How microfinance is going mobile – and why an East African start up is leading the way
By Hallvard Barbogen, Content Manager.
Even though microfinance and mobile seems like a match made in heaven, it hasn’t quite taken off yet. But now a US-Kenyan start-up is taking the lead.
Here’s a stat for you: In Indonesia, 16 out of 100 people have an internet subscription. Not that surprising, perhaps. But what about this one? The Indonesians have 125 mobile subscriptions per 100 people. That’s the exact same figure as in the UK.
Only a few years ago, mobile banking in Indonesia meant a couple of bank tellers and a security guard in a van, driving around in remote areas of the country. “Banks on wheels” has been, and still is, an important way for rural Indonesians to get access to financial services.
Now, however, a real push for mobile banking is underway. Many obstacles are still making the situation complicated, such as conflicting regulations for different types of banking systems. But because the biggest bank in Indonesia, BRI, is also a leader in microfinance, the potential for mobile microfinance is huge in the south-Asian island nation.
Just like in many other parts of the world with similarly high levels of mobile penetration and low levels of banking access, Indonesia could be looking at a bright future in mobile microfinance in the years to come.
In the UK as well, mobile banking is an increasingly hot topic, with Atom Bank planning an early 2016 launch as Britain’s first mobile-only bank. Rivals Mondo, Starling and Tandem are not far behind, meaning 2016 could be a very interesting year for mobile-only banking in the UK.
But where can microfinance and other mobile-only banks find their inspiration?
Looking to East Africa
According to the most recent World Bank Findex report, only 2 per cent of people worldwide have a mobile bank account. In Sub-Saharan Africa, however, 12 per cent of adults have one, making the region a global leader in mobile banking.
Moreover, almost half of mobile banking customers in Sub-Saharan Africa have access to banking only through their mobile phones. In Europe, North America and many other places, mobile banking is often just an add-on to existing traditional services.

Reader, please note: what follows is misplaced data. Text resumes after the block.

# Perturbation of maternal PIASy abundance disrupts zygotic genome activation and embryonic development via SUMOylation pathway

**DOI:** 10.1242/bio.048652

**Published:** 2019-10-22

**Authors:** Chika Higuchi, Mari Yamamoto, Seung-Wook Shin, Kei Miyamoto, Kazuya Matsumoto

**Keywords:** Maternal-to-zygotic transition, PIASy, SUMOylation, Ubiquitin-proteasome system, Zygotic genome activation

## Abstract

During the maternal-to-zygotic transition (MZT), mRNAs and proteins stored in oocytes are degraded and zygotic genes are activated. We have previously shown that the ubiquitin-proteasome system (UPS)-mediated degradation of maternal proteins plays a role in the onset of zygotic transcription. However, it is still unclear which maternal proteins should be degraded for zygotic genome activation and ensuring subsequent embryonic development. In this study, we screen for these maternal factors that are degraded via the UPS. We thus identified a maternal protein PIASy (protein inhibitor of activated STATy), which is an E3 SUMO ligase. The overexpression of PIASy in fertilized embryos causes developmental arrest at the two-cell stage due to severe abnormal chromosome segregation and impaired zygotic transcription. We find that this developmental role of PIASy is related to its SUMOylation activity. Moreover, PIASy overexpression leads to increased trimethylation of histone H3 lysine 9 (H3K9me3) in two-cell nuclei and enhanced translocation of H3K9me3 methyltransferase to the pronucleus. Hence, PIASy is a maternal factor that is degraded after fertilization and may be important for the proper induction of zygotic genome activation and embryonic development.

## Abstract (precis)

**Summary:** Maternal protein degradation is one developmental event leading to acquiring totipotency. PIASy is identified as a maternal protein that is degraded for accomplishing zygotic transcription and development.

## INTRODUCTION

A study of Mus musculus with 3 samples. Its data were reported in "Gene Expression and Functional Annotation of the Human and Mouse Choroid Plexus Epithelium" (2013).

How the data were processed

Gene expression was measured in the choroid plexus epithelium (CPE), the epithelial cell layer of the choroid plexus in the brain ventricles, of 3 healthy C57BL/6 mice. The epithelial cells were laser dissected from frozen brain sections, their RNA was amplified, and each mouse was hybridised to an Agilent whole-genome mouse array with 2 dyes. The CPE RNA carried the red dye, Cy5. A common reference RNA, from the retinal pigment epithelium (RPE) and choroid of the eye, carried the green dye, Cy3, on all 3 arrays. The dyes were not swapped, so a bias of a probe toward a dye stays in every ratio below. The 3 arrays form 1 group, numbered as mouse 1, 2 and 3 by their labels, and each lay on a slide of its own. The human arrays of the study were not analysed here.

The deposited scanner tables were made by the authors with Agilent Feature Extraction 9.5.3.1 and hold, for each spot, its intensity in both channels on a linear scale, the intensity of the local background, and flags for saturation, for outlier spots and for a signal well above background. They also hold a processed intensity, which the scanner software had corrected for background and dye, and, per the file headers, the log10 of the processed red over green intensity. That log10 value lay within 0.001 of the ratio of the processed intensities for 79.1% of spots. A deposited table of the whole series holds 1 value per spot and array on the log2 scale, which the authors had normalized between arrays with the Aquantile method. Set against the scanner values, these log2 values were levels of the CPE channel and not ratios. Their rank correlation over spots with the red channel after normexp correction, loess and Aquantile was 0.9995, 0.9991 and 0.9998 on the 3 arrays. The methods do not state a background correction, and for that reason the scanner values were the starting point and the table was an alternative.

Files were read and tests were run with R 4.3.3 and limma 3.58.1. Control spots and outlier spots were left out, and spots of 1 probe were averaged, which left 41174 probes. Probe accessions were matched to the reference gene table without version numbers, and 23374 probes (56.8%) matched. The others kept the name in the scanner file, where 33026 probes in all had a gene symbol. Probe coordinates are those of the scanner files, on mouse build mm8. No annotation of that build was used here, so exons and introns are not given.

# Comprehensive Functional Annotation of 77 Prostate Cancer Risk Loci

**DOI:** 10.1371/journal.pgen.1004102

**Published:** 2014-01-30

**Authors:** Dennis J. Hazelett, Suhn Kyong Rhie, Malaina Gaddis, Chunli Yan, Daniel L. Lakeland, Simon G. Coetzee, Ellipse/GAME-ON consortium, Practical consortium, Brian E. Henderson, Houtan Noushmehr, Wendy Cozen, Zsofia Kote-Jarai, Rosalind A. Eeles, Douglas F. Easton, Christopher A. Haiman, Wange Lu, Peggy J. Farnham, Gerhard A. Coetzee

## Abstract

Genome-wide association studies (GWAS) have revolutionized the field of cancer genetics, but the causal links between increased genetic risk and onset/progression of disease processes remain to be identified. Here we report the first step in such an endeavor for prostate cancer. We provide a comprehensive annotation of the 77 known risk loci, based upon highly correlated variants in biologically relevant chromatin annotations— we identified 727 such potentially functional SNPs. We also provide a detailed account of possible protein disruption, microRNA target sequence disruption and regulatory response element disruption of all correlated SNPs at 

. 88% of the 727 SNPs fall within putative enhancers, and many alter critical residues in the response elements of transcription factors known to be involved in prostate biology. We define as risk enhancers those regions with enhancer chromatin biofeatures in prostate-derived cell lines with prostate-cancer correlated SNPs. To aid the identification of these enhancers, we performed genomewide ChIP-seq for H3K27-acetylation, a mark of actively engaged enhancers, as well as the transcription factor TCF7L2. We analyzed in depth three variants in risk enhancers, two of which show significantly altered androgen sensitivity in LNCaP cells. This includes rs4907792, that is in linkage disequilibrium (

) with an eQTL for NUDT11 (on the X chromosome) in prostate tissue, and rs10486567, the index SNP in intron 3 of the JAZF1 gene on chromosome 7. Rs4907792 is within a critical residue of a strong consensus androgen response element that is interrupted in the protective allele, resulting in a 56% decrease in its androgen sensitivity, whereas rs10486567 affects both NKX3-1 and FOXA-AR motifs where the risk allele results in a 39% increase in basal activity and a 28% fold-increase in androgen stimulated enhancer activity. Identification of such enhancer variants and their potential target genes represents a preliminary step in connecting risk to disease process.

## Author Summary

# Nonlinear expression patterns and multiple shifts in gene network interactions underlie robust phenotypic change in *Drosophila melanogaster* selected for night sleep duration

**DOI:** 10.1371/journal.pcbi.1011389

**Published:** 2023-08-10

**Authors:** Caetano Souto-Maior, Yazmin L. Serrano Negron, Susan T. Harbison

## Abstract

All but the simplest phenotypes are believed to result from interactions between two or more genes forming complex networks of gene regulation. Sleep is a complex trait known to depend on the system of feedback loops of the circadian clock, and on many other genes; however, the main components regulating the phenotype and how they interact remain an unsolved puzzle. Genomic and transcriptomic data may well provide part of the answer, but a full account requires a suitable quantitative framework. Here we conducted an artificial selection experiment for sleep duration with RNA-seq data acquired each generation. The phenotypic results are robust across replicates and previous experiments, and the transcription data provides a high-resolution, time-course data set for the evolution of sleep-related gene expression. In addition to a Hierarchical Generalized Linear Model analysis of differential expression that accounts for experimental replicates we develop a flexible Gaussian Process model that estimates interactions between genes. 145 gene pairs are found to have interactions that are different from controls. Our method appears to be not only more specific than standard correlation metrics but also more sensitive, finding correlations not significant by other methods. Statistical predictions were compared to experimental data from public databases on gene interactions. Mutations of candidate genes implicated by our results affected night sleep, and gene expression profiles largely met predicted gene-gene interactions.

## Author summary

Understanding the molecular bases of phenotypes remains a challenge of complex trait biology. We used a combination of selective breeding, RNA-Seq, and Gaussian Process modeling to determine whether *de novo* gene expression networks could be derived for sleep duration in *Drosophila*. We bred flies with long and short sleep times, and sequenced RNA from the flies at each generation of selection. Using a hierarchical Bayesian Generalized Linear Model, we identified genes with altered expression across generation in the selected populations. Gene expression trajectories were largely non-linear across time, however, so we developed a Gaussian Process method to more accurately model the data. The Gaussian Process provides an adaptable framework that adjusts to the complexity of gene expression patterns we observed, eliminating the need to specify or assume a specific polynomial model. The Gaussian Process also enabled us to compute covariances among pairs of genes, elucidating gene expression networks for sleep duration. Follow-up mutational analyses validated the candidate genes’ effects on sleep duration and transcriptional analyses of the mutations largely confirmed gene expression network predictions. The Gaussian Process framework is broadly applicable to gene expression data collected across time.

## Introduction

Musoni in Kenya is said to be the first microfinance institution in the world to go one hundred per cent mobile. In 2014, it won the Frost & Sullivan Award for Technology Leadership for its innovative practices. By using mobile-only services, the company has been able to provide loans to clients within 72 hours –significantly faster than the one or two weeks usually needed in Kenya. And even though consumer uptake is a gradual process, the company has proved that the mobile business model is more than viable, financing tens of thousands of local enterprises and individuals.
Perhaps the most exciting start-up in East Africa right now, however, is Branch. Launched last year by online microfinance pioneer Matt Flannery – co-founder of Kiva – Branch is an app that creates a credit score based on SMS history, call logs and Facebook data, and offers small loans based on the perceived risk.
Users that don’t appear creditworthy at a first glance, however, can also build up their credit rating through “micro-micro-loans”, starting at only £5. By repaying their initial loans on time, customers can climb the Branch app’s trust ladder and become eligible for bigger loans with time.
Branch is Flannery’s first for-profit venture. He explains that he saw a huge business opportunity in mobile microfinance and that the only way to realise it was to go for-profit and raise investor money. As of December, they were paying out 1,000 loans every day with a default rate of just five per cent.
And Flannery is bullish when it comes to the future of Branch: “You will see in a matter of time the enormity of money that I am going to raise with this”.
Keeping an eye on what Flannery and Branch can achieve in 2016 will be very exciting for anyone interested in innovative fintech – be it BRI in Indonesia, Atom, Mondo, Starling and Tandem in the UK, or banking start-ups on any other continent. If truly successful, Branch can be a guiding star for mobile microfinance institutions across the world.